What is the International Baccalaureate?

The IB at a glance

What makes the IB unique?

The IB offers a continuum of high-quality education that encourages international-mindedness and a positive attitude to learning. Our programmes are accessible to students in 125 countries through our close cooperation with the worldwide community of IB World Schools.

The IB is unique:

We offer a continuum of education, consisting of three individual programmes. We span the years from kindergarten to a pre-university diploma. While we are traditionally known for the Diploma Programme, IB World Schools increasingly offer all three programmes.

We are proud of our reputation for high-quality education sustained for over 35 years. Our curriculum represents the best from many different countries rather than the exported national system of any one. Our challenging Diploma Programme assessment is recognized by the world’s leading universities. We maintain our high standards by actively training and supporting teachers, and by authorizing and evaluating IB World Schools.

We encourage international-mindedness in IB students. To do this, we believe that students must first develop an understanding of their own cultural and national identity. All IB students learn a second language and the skills to live and work with others internationally—essential for life in the 21st century.

We encourage a positive attitude to learning by encouraging students to ask challenging questions, to critically reflect, to develop research skills, and to learn how to learn. We encourage community service because we believe that there is more to learning than academic studies alone.

We ensure that our programmes are accessible to students in a wide variety of schools—national, international, public and private—in 125 countries. These IB World Schools form a worldwide community in which there is no such thing as a “typical” school (more than 50% of IB students are in state-funded schools). IB World Schools cooperate in curriculum development, student assessment and the governance of the IB, making this a unique international collaboration:


What is in the curriculum?
The curriculum contains six subject groups together with a core made up of three separate parts.

Students study six subjects selected from each of the 6 subject groups(Group 1:Language; Group 2:Second language; Group 3:Individuals and Societies; Group 4:Experimental Sciences; Group 5:Mathematics and Computer Science; Group 6:The Arts). Normally three subjects are studied at higher level (courses representing 240 teaching hours), and the remaining three subjects are studied at standard level (courses representing 150 teaching hours).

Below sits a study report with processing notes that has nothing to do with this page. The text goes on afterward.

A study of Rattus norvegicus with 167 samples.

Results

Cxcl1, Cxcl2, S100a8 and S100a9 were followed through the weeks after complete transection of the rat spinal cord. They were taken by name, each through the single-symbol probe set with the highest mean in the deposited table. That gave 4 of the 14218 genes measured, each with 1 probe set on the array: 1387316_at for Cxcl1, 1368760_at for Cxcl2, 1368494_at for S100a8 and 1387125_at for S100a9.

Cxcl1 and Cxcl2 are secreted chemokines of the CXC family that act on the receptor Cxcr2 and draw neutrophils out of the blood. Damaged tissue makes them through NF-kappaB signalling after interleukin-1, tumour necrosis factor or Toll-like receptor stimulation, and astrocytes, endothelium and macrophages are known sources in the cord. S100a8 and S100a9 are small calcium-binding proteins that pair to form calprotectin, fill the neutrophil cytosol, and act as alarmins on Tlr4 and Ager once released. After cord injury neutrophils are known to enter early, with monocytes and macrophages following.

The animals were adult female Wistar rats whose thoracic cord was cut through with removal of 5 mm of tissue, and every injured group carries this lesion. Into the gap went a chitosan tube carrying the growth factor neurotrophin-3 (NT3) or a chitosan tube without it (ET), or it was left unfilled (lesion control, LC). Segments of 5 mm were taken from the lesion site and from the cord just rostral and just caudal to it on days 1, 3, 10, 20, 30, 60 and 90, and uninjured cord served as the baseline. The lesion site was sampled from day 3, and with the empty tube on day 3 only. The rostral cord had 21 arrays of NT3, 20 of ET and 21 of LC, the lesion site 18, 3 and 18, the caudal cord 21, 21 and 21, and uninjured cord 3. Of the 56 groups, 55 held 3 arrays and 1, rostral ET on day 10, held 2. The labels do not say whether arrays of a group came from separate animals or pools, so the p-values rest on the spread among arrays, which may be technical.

All three parts of the core—extended essay, theory of knowledge and creativity, action, service—are compulsory and are central to the philosophy of the Diploma Programme.

Diploma Programme at a glance
What are the three core requirements?

The three core requirements are:

extended essay

theory of knowledge

creativity, action, service.

All Diploma Programme students must engage in these three activities.

Extended essay
The extended essay has a prescribed limit of 4,000 words. It offers the opportunity to investigate a topic of individual interest, and acquaints students with the independent research and writing skills expected at university.

Theory of knowledge (TOK)
The interdisciplinary TOK course is designed to provide coherence by exploring the nature of knowledge across disciplines, encouraging an appreciation of other cultural perspectives.

Creativity, action, service (CAS)
Participation in the school’s CAS programme encourages students to be involved in artistic pursuits, sports and community service work, thus fostering students’ awareness and appreciation of life outside the academic arena.

What does the IB Diploma program consist of(8 slides):

The Aga Khan Academy, Mombasa, Kenya; Diploma program

The Aga Khan Academy, Mombasa, Kenya; Primary years program


Independent, civil society media featuring Ismaili Muslim community, its achievements and humanitarian works.

One thought

  1. The International Baccalaureate(IB) Diploma is a formidable high school qualification. Many people in this program who scored 5 or higher out of a possible 7 on their exam were able to get advanced standing for courses in their first year at a Canadian University. A few students with very high IB grades in all 6 subjetcs skipped the entire first year of University and went straight into second year.

    Most students who go through the IB program at high school find the first year of University to be very easy. One other advantage of the IB program for North American students is that a good overall IB grade can allow you to go straight from high school into professional programs like Law, Medicine and Dentistry at British and European Universities as opposed to having to first do an undergraduate degree in North America and then apply to the North American professional schools.